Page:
Spectra (2015) is a Racing game, developed by Gateway Interactive and published by Mastertronic, which was released in 2015.
Spectra is a twitch racing game. Blast your nimble ship down intricate ribbons of light in time to the dynamic beats and original soundtrack by chiptune artist legend Chipzel.
Last year, indie developer Gateway Interactive launched a chiptune-driven “racing” game calledSpectra on Windows 8 and Windows Phone. The phone version got pulled from the Store for some reason, but the Windows 8 game remains fairly popular. Back when those games were released, the developer promised an Xbox One version would come as well. This month, Spectra finally arrived on Microsoft’s premiere console.
Spectra: 8bit Racing (ahem, that should be spelled 8-bit) is a single-player racing game that plays a bit like an endless runner; players don’t control their speed or compete against other racers. Racers will zoom across space on procedurally generated tracks while chiptune songs from British artist Chipzel blast away. And at $7.50, it won’t break Xbox One gamers’ wallets.
Are attractive neon visuals, a catchy soundtrack, and low price reason enough to grab Spectra? Read our detailed review with video to find out!
Race in space
Spectra started its life as a mobile game, and (as far as I can tell) very little has changed in the transition to Xbox One. The game has no story or cinematics to speak of. You just choose Continue (even before you’ve played the game once the menu reads “Continue”) and start on your journey through Spectra’s 10 tracks. You play as a red and orange rocket-powered GameBoy, in fitting with the game’s chiptune (a retro style of music) theme.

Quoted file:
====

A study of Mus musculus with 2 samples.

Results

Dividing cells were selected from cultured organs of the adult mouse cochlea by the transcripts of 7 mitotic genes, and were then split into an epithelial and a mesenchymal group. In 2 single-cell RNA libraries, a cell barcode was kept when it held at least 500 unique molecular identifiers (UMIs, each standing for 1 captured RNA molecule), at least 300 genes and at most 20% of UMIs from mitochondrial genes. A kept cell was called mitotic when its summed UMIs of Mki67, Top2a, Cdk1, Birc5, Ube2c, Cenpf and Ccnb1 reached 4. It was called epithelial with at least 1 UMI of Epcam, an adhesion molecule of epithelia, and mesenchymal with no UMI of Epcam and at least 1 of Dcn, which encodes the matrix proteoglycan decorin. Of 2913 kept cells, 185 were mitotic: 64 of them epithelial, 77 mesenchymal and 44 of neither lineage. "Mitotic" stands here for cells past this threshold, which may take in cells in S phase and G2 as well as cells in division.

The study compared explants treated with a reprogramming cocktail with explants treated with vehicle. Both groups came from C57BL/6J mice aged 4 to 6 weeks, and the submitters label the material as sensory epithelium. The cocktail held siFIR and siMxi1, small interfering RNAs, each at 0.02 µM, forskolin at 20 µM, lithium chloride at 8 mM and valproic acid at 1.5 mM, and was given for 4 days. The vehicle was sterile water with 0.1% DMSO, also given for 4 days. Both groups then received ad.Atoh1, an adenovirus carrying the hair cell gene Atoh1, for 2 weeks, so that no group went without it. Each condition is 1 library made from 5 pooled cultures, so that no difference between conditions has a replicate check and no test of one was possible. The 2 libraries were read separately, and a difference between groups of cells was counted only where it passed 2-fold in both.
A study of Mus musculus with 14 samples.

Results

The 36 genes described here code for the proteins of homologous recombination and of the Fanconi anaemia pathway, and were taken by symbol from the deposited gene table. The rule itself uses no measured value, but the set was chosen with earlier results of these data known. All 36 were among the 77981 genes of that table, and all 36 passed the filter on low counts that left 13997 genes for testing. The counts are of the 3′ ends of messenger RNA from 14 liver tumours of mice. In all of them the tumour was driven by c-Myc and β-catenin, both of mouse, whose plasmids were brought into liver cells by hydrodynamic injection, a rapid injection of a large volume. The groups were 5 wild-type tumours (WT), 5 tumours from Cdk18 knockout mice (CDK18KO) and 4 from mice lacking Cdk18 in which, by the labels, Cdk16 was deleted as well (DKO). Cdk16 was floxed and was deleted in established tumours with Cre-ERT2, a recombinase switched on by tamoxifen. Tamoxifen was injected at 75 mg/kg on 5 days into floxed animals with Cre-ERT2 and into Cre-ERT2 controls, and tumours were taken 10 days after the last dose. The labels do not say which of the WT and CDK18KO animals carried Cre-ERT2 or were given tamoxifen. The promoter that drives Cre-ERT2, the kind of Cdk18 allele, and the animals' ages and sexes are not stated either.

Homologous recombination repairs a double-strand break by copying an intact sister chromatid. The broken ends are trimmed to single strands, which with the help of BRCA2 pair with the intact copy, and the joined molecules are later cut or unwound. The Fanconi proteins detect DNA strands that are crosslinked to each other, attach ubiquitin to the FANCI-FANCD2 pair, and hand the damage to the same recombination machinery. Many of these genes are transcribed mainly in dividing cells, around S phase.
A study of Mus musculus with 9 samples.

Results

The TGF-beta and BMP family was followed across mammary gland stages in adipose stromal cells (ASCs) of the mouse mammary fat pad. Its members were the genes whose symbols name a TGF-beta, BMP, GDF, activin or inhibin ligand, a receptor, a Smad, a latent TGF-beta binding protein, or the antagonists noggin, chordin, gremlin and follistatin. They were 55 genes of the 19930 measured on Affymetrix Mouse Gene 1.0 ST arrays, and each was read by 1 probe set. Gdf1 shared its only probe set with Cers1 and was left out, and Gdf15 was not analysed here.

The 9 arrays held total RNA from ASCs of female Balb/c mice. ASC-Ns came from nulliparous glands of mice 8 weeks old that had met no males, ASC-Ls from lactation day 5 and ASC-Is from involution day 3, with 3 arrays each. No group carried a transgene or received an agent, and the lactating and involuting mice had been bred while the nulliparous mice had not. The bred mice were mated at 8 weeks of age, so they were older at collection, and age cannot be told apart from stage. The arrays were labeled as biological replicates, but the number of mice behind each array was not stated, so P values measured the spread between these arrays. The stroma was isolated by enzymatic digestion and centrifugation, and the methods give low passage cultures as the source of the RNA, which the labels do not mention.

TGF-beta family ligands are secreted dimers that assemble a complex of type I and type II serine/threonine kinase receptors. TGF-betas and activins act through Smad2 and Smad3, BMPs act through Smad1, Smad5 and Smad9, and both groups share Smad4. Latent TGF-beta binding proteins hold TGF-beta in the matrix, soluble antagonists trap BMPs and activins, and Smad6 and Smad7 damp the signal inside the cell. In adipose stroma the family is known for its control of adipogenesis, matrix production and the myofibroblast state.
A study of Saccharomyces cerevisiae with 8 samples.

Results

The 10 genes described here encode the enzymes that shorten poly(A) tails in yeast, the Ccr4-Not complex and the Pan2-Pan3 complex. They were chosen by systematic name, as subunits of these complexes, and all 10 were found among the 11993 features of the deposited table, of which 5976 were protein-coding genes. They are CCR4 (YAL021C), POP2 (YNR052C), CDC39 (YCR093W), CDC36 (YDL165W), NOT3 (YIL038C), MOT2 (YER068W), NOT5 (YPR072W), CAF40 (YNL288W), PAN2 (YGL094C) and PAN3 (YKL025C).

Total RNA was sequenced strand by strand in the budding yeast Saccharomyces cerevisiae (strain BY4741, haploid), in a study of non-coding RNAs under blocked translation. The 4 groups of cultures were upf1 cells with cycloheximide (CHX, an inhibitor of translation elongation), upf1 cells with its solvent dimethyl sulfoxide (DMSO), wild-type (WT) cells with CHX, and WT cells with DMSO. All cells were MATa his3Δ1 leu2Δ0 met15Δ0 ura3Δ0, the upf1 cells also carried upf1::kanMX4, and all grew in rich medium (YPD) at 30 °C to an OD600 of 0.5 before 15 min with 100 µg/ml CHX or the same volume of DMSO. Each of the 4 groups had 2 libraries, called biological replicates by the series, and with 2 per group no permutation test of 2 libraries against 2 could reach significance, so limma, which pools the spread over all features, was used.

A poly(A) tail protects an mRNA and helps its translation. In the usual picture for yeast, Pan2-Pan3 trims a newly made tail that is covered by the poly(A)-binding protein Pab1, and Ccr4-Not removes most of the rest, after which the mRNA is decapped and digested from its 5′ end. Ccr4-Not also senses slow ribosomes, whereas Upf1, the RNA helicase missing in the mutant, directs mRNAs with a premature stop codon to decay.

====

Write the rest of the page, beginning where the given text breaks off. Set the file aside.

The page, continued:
The “Rocket Boy” automatically zooms forward at all times. You just steer it left and right using the stick, d-pad, or triggers. These controls make sense for a game played on phones and tablets, but they come up short against console standards. I really, really want accelerate and brake buttons!
As you race across the track, you’ll collect yellow cubes for points. Other ways to score points include catching air and “Nice” bonuses. The game awards Nice bonuses for grazing barriers without actually crashing into them. The bonus can often be frustratingly tough to get intentionally, but you’re bound to collect them by accident throughout the course of a race.
The single best way to rack up points is by passing over boost arrows. These temporarily increase your speed while also initiating a score multiplier. Boost arrow multipliers stack, so passing over several in a row will really pile on the points. Spectra even offers an Achievement for reaching a 15x multiplier from boost arrows (I’ve only scored 14x).
The catch with score bonuses of any type is the game doesn’t immediately add points to your score. Any points you get from cubes and other bonuses will reside in a holding area for several seconds. If you don’t hit any obstacles or pick anything up for a little while, they get “banked” and added to your score. Strike anything (as happens very often due to the lack of speed control) and your non-banked points get lost forever.
The score banking mechanic creates a risk-reward scenario to grabbing cubes and especially boost arrows. You’re never very far from bumping into something, so it often makes sense to avoid collecting more cubes in order to keep your points. Boost arrows make it even harder to avoid collisions, but you need them to get a high score.
About those collisions… Spectra only has one kind of object to bump into (other than the very scarce walls): barriers. These barriers appear all over the place, often requiring players to weave back and forth to avoid them. Hitting a barrier bounces your Rocket Boy away. It might even bounce it right off the track, in which case you fail the race and have to start over from the beginning.
See, Spectra’s tracks have virtually no walls. Make a wrong turn or hit an unlucky barrier and you’ll fall off into space. Other racing games typically have walls or grassy areas that slow the player down when he or she goes off course. Futuristic racers might have areas in which players can fall entirely off-track, but this usually results in a time penalty rather than complete failure. Here, you never have any control of your speed and you’re always one wrong tap or bump away from dying.
Spectra’s not impossibly hard on the default difficulty, but you’re still bound to wipe out and lose more often than in other racers. I can’t tell you how many times I’ve failed with 90+ percent of the track completed. That gets really frustrating. You can also unlock Hardcore versions of each track, just in case you really like falling off the track.